CAPTCHA’d Behind Enemy Lines

By Erhan K.


The CAPTCHA (a convoluted acronym for “Completely Automated Turing Test To Tell Computers and Humans Apart”) has become quite popular in the earlier part of the decade, coinciding with the rise of email spam and script dictionary attacks. The CAPTCHA’s original purpose was to automate the process of distinguishing between a human doing something (registering an email address or answering a poll) and a program doing the same thing by being a puzzle that is easy for most humans to solve but hard for most programs to solve. CAPTCHAs are generally image-based character recognition questions, but there are a number of CAPTCHAs that are the audio equivalent, or that ask you to pick images that relate to one another. A lot of research has been done that has used CAPTCHAs (including some by this author) or in defeating them.

CAPTCHAs have a number of weaknesses:

  • From a security perspective, they rely on CAPTCHAs being “hard” to solve. While CAPTCHAs can be as hard as desired, the constraint that they must be easy to solve for humans prevents a program from getting carried away with the creation of a CAPTCHA (though sometimes they err on the side of caution). This is in contrast to, say, secure hashing techniques, where the harder to “dehash”, the better. If a human had to reverse the hash of a string, secure hashing would be a contradiction in terms.
  • CAPTCHAs require a large number of assumptions. For visual character recognition, they assume the human solving the puzzle can see fairly clearly, recognizes the character set, is not color-blind, and so on. Audio CAPTCHAs assume the human can hear clearly. Pattern-matching may rely on the human sharing the same culture as the designer (“cow” may relate to “chicken” in a group of objects because they both belong on a farm or to a “horse” because they are roughly similar (four-legged mammals)) as well as recognizing what all images represent.
  • Most of all, CAPTCHAs are annoying. Really annoying. A person may not mind filling out forty textboxes and giving all sorts of personal information to a website he or she would never give to another person, but when he or she scrolls to the bottom and are asked to enter the six weird-looking characters in a group of twelve that have a picture of a cat in front of them into a textbox to prove they are a human, what has the world come to? Only a human would waste the time, one supposes, but goodness, watch out if the computer says it was wrong and by implication, he or she is possibly not a human. There is something about the combination of an arbitrary pop quiz and the vague insult of a program calling a human a program that has led to the collective sighs and rolling of eyes of would-be CAPTCHA-solvers across the world.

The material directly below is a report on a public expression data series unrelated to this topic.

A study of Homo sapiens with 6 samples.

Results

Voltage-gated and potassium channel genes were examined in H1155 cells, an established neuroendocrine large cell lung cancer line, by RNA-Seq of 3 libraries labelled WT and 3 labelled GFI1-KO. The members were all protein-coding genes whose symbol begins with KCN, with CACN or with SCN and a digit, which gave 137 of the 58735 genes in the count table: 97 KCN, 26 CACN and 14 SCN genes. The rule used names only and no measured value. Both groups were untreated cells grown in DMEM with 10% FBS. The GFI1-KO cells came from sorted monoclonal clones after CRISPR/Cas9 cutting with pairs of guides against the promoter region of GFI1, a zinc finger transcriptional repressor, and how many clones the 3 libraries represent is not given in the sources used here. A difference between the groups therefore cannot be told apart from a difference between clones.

The biggest problem of the CAPTCHA is its success. They are popular because they worked for quite a while, and now they are the new username/password. Every website has it and requires it. It is the new black. But at least with a username and password, the lazy (but insecure) human can use the same one over and over, or head to a username/password sharing site and save the registration time. Not so with CAPTCHAs, because they are guaranteed to be different from site to site and get progressively harder as image recognition becomes more and more powerful. If the password had followed the same development cycle as the CAPTCHA, a password would today would require 512 characters, need at least one character from sixty punctuation and language sets in the UTF-16 standard, and fail 25% percent of the time when you would swear it was entered correctly.

Ironically, CAPTCHAs are illustrative of the difference between perceived and substantive security. CAPTCHAs are perceived as very secure since they are so hard for humans to solve without due diligence. Yet they are that hard because artificial intelligence techniques have rendered previous CAPTCHAs obsolete (if the site upgraded their CAPTCHA systems to counter the threat). CAPTCHAs are solved all the time, one way or another. And that’s only the published materials! But is there “A Better Way”? Can we build a better mousetrap? Can we add a third requirement to the CAPTCHA that in addition to being easy for humans and hard for programs, they are not annoying or obtrusive? The answer is “yes”. The construction of such a “CAPTCHA 2.0” is left as an exercise for the reader.

—Erhan K., MCPD

(Images are monochrome CAPTCHAs that read “Denim Group“. The first uses warping, blurring and linear obfuscation. The second utilizes warping with low character segmentation)

About Dan Cornell

A globally recognized application security expert, Dan Cornell holds over 15 years of experience architecting, developing and securing web-based software systems. As the Chief Technology Officer and a Principal at Denim Group, Ltd., he leads the technology team to help Fortune 500 companies and government organizations integrate security throughout the development process. He is also the original creator of ThreadFix, Denim Group's industry leading application vulnerability management platform.
More Posts by Dan Cornell

One Response to “CAPTCHA’d Behind Enemy Lines”

  1. Bill Shirley

    “Most of all, CAPTCHAs are annoying. Really annoying.”

    My WordPress blog will hold someone’s comment the first time they comment, but once I’ve approved it, will auto-allow all further comments. How hard is that?

    Blogger? CAPTCHA (that I sometimes fail – i suspect because I spent 5 plus minutes writing, or distracted from writing). It sometimes keeps me from commenting.

    I have made it a habit to now include the CAPTCHA text also at the bottom of my comment. I must share the annoyance.